When you're a parent, you tend to worry about anything and everything when it comes to your kids. It's hard enough watching Billy go to Kindergarten the first day or deciding if young Maggie is ready to date, but watching your teenager get behind the wheel and driving away has to be one of the most stressful moments of parenting. Here are some tips that will help both you and your teenager when he or she is ready to drive.
1. Come up with a contract
When teens begin to drive, all they see is the freedom and the fun, while all you see is the danger. Before your teen starts driving, come up with a plan. Talk to her about obeying traffic laws and being responsible about vehicle maintenance. Create a contract that both of you sign, so that if your teen gets a ticket or is caught texting while driving, the punishment is very clear ... and non-negotiable.
2. Set limits
We were all teenagers once and we all remember how it was when we got that first taste of freedom and wanted more. If you set limits before your teen starts driving, he is more likely to respect them. When you create your contract, you should think about restricting cell phone use, the number of passengers in the car, late-night driving, and use of alcohol. Make sure he knows he is to always wear his seat belt.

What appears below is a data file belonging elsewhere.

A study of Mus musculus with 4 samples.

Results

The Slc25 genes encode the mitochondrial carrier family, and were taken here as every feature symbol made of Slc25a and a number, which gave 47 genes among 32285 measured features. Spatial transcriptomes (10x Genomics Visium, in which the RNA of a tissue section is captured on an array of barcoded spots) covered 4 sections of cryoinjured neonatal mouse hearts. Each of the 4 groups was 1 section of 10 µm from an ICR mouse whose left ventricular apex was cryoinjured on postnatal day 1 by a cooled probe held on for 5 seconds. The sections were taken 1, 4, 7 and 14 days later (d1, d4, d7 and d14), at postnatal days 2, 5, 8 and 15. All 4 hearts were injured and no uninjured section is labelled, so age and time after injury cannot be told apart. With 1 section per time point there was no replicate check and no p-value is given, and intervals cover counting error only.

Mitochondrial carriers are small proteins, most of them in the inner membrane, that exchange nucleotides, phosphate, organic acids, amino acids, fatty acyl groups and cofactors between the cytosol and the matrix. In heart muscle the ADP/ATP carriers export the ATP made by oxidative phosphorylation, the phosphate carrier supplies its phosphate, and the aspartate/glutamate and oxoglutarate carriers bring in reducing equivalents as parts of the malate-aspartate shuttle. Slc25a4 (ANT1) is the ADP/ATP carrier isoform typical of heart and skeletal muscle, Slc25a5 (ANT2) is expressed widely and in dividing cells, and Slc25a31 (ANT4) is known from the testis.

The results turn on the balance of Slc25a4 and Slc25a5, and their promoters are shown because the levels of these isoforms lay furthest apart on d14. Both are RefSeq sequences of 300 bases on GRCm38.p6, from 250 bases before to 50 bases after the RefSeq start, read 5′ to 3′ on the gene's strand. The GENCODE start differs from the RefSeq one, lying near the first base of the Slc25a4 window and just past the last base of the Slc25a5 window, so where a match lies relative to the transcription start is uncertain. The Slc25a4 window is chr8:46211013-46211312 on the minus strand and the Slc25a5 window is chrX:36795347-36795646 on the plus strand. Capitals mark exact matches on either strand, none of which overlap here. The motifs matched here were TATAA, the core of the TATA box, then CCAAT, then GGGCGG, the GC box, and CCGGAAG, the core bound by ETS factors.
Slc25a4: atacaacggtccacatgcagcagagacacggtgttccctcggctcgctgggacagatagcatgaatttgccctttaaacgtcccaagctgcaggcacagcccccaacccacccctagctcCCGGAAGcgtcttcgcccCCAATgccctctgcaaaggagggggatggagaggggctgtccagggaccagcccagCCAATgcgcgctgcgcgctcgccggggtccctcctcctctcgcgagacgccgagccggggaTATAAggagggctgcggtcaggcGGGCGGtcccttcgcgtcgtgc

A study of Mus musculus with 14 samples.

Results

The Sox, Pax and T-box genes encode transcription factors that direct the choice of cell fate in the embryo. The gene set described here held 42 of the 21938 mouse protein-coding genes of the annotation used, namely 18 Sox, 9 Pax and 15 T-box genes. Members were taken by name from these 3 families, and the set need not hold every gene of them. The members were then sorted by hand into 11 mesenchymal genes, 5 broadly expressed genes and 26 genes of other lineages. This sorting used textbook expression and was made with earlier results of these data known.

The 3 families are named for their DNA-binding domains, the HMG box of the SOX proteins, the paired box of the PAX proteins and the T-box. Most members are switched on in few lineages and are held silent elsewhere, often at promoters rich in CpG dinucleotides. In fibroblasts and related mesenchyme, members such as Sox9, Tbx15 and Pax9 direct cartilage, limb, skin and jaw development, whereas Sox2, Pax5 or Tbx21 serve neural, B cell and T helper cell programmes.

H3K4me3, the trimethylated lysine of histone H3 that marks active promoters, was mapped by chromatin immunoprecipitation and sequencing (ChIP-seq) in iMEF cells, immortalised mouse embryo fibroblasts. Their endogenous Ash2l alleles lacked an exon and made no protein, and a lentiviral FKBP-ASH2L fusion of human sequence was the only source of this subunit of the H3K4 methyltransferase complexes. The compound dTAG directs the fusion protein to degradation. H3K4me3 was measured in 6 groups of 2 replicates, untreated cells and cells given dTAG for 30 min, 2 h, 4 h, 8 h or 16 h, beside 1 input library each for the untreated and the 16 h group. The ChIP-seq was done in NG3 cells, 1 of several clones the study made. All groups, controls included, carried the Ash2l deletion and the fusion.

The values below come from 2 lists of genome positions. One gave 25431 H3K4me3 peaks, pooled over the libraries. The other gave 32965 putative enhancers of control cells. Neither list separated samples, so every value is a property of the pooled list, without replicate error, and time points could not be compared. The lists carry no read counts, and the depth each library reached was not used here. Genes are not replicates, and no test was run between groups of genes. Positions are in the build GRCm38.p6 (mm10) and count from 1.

3. Check out new technologies
Would it make you feel better if you could set speed limits, track the whereabouts of your teen, and know how fast she is going, all from the comfort of your home? New GPS tracking navigation systems, like TeenTrak, provide just that. You can see where your teen is parked and get alerts when she goes past certain pre-set boundaries. All of this is easy to use and operate from your home computer. Technologies like these can also help lower insurance costs for your teen.
4. Be involved
How is your teen supposed to learn good driving habits and practices if you aren't around to teach him? Once he has his learner's permit, take him out driving and give him pointers. Drive on different terrains, during various weather conditions, and different times of day. See if there is a Safe Teen Driving Program in your area, which offers meetings and support for parents of teen drivers. Let your teen know that you are concerned about accidents and the whole driving experience, but that you trust him behind the wheel.
You can't do everything for your child, but you can certainly set him on the right path toward becoming a safe and responsible driver.